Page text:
Northwestern Medicine scientists have discovered how circulating tumor cells in the blood cluster together during metastasis — findings that reveal a novel mechanism for how cancer spreads and a potential new target for treatment.
“Ninety percent of people with solid tumors die from metastasis. Understanding how tumor cells spread will help us develop therapeutics to prevent and treat metastatic cancer — and therefore eventually reduce cancer mortality,” said Huiping Liu, MD, PhD, associate professor of Pharmacology and lead author of the study published in the journal Cancer Discovery.
Xia Liu, PhD, research assistant professor of Pharmacology, was the first author of the paper.
During metastasis, cells called circulating tumor cells (CTCs) shed from the original tumor and travel through the blood system, where they seed new cancer growth in other parts of the body. Previously, research from co-author Massimo Cristofanilli, MD, and others had shown that compared to single CTCs, clusters of CTCs detectable in patients’ blood are associated with particularly poor survival. However, the molecular mechanisms of tumor cell cluster formation — and how CTCs mediate cancer metastasis — remained unclear.
In the new study, the scientists first demonstrated in a model of breast cancer that CTC clusters are the result of individual tumor cells aggregating together in the blood (rather than collective shedding and migration).
They also identified the mechanism of cluster formation: Cancer cells with stem cell properties contain a surface protein called CD44 that help the cells bind together.
“Like the old saying ‘birds of a feather flock together,’ cancer stem cells of identical surface proteins aggregate as small clusters during travel,” Liu explained. “CD44 not only marks cancer stem cells, but also attracts two neighboring cells to bind together — thereby activating protein networks responsible for cellular aggregation and stem cell programing.”
The scientists further found that reducing CD44 and its downstream signaling partner PAK2 effectively prevented the aggregation of tumor cells.
The findings suggest that targeting the cancer-specific CD44 network— by depleting the gene or blocking protein interactions in cancer cells with specific antibodies, for example — could be a path toward preventing metastasis.
“There is an urgent need to therapeutically intervene in the cluster formation of circulating tumor cells,” Liu said. “Our studies shed light on the mechanistic understanding and strategic targeting of these clusters in the search for a cure for cancer.”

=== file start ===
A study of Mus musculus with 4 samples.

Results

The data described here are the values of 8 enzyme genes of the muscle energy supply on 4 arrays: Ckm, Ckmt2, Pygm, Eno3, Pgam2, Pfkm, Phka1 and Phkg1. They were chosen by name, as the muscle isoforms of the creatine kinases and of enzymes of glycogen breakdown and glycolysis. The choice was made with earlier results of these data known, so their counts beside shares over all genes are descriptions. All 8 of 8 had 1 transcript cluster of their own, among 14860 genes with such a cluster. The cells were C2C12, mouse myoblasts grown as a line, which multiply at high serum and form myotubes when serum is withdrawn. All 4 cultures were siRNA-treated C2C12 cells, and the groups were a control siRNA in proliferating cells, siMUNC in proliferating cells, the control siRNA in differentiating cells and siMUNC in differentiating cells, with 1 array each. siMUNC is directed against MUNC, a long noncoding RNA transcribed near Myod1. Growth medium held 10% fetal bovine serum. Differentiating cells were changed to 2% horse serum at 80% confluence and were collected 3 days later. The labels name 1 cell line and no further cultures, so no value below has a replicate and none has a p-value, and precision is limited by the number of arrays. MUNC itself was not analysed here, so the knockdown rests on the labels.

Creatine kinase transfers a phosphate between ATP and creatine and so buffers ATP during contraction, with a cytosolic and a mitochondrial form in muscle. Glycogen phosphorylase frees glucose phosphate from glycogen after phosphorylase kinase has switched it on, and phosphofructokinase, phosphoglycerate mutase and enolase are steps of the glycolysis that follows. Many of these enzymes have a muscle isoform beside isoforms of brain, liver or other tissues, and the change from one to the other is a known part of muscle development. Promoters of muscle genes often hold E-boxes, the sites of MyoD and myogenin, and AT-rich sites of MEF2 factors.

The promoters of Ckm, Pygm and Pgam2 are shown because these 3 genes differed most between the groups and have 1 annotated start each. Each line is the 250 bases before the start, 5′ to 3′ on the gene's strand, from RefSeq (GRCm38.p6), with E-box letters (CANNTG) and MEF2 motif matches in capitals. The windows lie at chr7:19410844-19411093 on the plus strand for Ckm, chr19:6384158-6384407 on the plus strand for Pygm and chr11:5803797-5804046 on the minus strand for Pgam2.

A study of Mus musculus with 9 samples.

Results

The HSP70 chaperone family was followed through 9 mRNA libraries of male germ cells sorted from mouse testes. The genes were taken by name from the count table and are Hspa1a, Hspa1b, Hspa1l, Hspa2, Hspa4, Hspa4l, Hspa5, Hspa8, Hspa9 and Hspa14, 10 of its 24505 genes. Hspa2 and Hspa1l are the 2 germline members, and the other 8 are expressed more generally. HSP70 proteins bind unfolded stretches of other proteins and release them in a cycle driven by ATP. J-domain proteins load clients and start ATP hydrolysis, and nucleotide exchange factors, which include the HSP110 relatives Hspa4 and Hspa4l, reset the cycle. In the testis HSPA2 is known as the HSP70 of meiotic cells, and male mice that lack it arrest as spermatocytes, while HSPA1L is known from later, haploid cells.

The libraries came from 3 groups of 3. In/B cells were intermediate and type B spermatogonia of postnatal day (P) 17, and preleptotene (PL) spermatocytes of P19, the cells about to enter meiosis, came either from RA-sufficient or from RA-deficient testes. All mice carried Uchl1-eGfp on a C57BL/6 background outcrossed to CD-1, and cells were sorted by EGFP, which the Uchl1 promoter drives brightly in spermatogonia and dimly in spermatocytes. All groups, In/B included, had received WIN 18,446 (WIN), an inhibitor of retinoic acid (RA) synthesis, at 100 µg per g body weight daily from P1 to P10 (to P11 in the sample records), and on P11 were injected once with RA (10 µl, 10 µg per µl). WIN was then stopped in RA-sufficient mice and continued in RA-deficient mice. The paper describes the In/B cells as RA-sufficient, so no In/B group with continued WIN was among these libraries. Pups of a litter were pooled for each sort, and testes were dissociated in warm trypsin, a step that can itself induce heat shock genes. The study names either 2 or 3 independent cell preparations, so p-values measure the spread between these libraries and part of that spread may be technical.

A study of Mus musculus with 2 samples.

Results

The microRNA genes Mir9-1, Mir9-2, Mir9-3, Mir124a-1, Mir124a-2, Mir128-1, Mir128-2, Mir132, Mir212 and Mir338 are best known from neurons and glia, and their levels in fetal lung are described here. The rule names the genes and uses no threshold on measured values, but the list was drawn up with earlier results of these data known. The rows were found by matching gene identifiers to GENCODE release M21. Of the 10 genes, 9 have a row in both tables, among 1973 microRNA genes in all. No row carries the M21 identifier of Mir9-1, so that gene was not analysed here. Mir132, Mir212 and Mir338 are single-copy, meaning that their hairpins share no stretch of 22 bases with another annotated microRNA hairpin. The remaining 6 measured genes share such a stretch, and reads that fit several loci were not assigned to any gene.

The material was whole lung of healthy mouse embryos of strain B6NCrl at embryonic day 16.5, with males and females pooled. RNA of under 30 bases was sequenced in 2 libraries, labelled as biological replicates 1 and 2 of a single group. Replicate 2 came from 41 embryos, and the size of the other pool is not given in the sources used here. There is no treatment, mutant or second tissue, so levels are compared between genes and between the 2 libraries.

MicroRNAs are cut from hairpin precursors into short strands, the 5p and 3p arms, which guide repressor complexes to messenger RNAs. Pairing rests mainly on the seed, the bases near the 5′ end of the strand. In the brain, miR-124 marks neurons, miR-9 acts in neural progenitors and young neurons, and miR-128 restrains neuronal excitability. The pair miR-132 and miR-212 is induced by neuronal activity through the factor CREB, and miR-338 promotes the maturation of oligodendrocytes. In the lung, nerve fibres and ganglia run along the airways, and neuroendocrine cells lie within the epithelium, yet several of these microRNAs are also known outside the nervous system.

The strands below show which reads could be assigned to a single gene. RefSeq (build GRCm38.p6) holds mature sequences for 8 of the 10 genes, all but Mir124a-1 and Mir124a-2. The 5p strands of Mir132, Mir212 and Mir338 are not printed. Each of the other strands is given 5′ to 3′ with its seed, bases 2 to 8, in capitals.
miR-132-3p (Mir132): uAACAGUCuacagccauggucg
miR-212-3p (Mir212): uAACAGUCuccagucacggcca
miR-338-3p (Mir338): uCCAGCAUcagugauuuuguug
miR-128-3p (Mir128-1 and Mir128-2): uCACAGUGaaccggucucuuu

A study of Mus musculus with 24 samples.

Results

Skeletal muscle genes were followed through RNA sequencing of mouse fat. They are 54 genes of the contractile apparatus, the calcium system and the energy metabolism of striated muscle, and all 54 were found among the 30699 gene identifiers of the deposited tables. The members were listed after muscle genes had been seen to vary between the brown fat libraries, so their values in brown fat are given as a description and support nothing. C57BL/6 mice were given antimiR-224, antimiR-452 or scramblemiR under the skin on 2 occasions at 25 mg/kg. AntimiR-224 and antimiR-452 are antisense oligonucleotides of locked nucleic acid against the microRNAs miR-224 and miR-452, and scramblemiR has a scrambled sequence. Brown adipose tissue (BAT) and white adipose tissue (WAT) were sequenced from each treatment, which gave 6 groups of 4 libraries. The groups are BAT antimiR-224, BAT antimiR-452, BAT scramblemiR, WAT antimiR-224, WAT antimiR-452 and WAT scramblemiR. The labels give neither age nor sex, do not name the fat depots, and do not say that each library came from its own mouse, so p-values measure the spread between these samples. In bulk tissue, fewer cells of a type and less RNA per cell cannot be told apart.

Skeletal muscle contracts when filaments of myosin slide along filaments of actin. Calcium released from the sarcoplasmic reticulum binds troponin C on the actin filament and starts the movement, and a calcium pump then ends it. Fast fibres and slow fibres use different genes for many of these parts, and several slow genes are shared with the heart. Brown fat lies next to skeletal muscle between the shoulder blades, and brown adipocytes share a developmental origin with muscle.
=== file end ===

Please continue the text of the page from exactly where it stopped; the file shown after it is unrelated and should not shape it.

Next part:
Liu is also an associate professor of Medicine in the Division of Hematology and Oncology and a member of the Robert H. Lurie Comprehensive Cancer Center of Northwestern University.
Other Northwestern authors of the paper include Massimo Cristofanilli, MD, professor of Medicine in the Division of Hematology and Oncology and associate director for Translational Research at the Lurie Cancer Center; Rokana Taftaf, MD, a graduate student in the Driskill Graduate Program in Life Sciences (DGP), and Elizabeth Tsui, a student in the Medical Scientist Training Program (MSTP); and Madoka Kawaguchi, Wenjing Chen, Youbin Zhang, Lorenzo Gerratana, MD, Dhwani Patel and Valery Adorno-Cruz.
The study was also co-authored by scientists from Albert Einstein College of Medicine and Case Western Reserve University, among other institutions.
The study was supported, in part, by National Institutes of Health (NIH)/National Cancer Institute (NCI) grants R00CA160638, CA150344, CA100324 and CA216248; NIH/National Institute of General Medical Sciences grant R35GM124952; American Cancer Society grant ACS127951-RSG-15-025-01-CSM; the Susan G. Komen Foundation CCR15332826; the Department of Defense W81XWH-16-1-0021; Ohio Cancer Research Associates; Case Comprehensive Cancer Center (NCI P30 CA043703 Pilot Grant); Case Western Reserve University and Northwestern University start-up grants; the Albert Einstein College of Medicine Gruss Lipper Biophotonics Center and its Integrated Imaging Program; the Lynn Sage Cancer Research Foundation and Case Western Reserve University CTSA/ KL2 TR0002547.